The loonie was off 0.34 of a cent to 90.76 cents US as the bank left its key rate at one per cent, where it's been since September 2010.
The bank also lowered its forecast for first quarter growth this year to 1.5 per cent, from 2.5 per cent, but attributed the downgrade mostly to temporary impacts of a unusually severe winter.
The bank's Monetary Policy Report, also released Wednesday, said the "lower Canadian dollar should provide additional support" to the economy.
"There wasn't anything especially earth-shattering here, just another pointed reminder that their view is a weaker currency leads to a better growth backdrop," noted BMO Capital Markets chief economist Doug Porter.
Meanwhile, metals rose in the wake of signs that economic growth in China held up better than expected in the first quarter.
The world’s second-largest economy grew at an annualized rate of 7.4 per cent in the January-March period, down from the previous quarter’s 7.7 per cent. It was the weakest growth in China since the 2008-09 global crisis, but there was relief that the figure wasn't as bad as some had feared.
The Chinese government has also indicated it was prepared to take further measures to support growth.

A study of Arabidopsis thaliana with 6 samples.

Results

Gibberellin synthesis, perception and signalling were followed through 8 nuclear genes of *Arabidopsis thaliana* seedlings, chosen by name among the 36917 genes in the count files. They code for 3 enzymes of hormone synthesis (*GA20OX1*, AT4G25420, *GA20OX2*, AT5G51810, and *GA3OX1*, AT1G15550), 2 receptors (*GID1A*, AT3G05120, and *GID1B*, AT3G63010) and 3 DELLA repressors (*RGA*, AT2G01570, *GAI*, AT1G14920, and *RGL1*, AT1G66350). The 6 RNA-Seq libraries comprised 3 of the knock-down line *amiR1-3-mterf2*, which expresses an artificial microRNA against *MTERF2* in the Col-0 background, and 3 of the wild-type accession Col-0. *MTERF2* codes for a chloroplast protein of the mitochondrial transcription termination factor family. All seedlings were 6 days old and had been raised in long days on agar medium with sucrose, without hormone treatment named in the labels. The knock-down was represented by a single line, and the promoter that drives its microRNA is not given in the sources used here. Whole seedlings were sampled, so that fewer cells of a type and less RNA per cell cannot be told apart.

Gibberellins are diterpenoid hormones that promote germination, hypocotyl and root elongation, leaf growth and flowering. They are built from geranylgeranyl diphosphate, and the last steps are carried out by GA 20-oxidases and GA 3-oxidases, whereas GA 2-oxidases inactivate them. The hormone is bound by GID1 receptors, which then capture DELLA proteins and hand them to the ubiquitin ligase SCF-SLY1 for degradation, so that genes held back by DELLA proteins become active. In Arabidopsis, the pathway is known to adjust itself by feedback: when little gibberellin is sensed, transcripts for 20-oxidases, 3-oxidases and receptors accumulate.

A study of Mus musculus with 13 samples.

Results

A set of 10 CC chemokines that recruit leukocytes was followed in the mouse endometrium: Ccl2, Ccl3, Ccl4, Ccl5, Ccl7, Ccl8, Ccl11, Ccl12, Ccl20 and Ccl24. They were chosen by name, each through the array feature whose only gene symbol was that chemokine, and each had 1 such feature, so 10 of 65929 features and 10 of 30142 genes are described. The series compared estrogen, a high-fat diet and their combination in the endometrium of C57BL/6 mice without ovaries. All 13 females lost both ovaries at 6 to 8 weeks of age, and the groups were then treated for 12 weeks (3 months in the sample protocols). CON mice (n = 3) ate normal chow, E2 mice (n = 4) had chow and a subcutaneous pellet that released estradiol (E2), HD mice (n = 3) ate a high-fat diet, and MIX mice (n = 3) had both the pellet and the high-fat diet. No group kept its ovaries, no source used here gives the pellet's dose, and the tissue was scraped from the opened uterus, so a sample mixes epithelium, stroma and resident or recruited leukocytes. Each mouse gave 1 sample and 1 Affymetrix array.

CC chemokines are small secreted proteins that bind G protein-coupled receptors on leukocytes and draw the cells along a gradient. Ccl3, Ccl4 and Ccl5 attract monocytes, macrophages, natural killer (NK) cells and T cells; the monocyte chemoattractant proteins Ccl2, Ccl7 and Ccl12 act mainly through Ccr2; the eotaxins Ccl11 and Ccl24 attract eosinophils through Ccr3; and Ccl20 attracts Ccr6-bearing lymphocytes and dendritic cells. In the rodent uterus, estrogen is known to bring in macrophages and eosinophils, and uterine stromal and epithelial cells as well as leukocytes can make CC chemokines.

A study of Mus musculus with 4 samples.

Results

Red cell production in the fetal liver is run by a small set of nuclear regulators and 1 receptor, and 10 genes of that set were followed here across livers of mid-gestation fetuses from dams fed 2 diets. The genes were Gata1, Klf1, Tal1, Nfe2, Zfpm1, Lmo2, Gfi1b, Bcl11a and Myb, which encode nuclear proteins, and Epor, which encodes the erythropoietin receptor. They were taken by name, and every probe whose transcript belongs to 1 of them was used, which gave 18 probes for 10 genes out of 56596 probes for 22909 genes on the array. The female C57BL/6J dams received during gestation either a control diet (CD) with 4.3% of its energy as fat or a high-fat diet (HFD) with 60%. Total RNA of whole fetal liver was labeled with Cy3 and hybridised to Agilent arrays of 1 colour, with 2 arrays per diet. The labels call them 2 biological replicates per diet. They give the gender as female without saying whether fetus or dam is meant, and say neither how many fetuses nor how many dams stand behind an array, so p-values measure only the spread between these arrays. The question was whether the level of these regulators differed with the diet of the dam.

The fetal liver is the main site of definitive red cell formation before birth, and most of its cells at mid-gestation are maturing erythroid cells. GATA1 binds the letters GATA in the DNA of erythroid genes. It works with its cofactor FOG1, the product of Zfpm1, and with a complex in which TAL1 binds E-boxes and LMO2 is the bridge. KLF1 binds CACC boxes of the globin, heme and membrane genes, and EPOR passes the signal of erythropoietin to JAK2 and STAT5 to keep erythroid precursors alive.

"The government has announced a number of modest stimulus measures in the last month, including an acceleration in rail investment and selective tax cuts, and appears ready to do more, if necessary, to defend its recently reconfirmed 7.5 per cent target for growth in 2014," said CIBC senior economist Peter Buchanan.
"We continue to look for an increase in GDP of about 7.6 per cent this year."
The May copper contract rose five cents to US$3.04 a pound while June gold bullion edged up $1.10 at US$1,301.40 an ounce.
But the May crude contract on the New York Mercantile Exchange shed most early gains as data showed that U.S. inventories rose more than four times the amount expected last week to 10 million barrels. Oil inched up a penny to US$103.76 a barrel.